Paulette Phillips (born 1956 in Nova Scotia, Canada; lives and works in Toronto and London, Canada).

Mixed media; Single-channel video with audio, 32 min.

History appears twice, the first time as tragedy, the second time as farce” is a suite composed of sculptural works, furniture, and a video that enfold the facets of a complex narrative evolving out of Eileen Gray’s Modernist villa E-1027. [The artist’s] visits to E-1027 between 2003 and 2006 revealed an abused and haunted site, a site that appeared to be both witness and victim of the extreme emotion so absent from Modernist discourse. Using the affect of this house as a launch site, [the artist] worked to embed objects influenced by Gray’s furniture designs with a psychological agency that reflected—through material, gesture, and language—the transhuman qualities evident in this historic site [and] to enrich and complicate the context in which we generally consider the Modernist canon by creating art works that engage the affect of space.”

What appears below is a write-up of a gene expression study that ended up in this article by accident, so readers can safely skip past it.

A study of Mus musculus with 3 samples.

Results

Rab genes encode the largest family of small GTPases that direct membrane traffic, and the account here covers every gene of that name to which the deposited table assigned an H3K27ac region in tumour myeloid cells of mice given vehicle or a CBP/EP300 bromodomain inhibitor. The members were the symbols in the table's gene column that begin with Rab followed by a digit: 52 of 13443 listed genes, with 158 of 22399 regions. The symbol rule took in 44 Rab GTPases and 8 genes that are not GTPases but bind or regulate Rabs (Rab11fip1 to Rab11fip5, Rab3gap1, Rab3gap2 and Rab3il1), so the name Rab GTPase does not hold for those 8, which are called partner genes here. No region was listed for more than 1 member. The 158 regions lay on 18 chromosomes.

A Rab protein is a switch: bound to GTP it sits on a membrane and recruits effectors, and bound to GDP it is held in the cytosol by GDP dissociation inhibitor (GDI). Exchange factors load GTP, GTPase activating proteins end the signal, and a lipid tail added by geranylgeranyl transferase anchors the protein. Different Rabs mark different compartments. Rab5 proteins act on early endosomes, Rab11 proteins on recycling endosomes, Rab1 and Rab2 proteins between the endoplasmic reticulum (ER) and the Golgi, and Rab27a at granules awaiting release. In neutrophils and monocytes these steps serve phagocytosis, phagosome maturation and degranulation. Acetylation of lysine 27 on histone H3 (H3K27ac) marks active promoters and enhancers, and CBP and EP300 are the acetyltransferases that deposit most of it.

—Paulette Phillips, “Suspended Pleasure,” in Yesterday’s Tomorrows (Montréal: Musée d’art contemporain, 2010).

History appears twice, the first time as tragedy, the second time as farce is inspired by the poetically tragic aura that surrounds E 1027, a villa on the Côte d’ Azur built by architect and designer Eileen Gray for her lover Jean Badovici in 1929. Having built the house as a romantic getaway, Gray eventually walked away from her labor of love. For a period of time it then became known as Le Corbusier’s house, while Gray languished in obscurity… The exhibition draws from the personalities, emotions and histories that surround both architects by heightening the covert and inherent tensions that defined their practices and mark this house as a haunted site. The works in the installation align to narrate the faded tenets that fueled this vision of modernism, capturing on video and through objects, the idea of the house as a ruin wrought by conflicting energies.”
—”Paulette Phillips, History appears twice, the first time as tragedy, the second time as farce,” Diaz Contemporary website.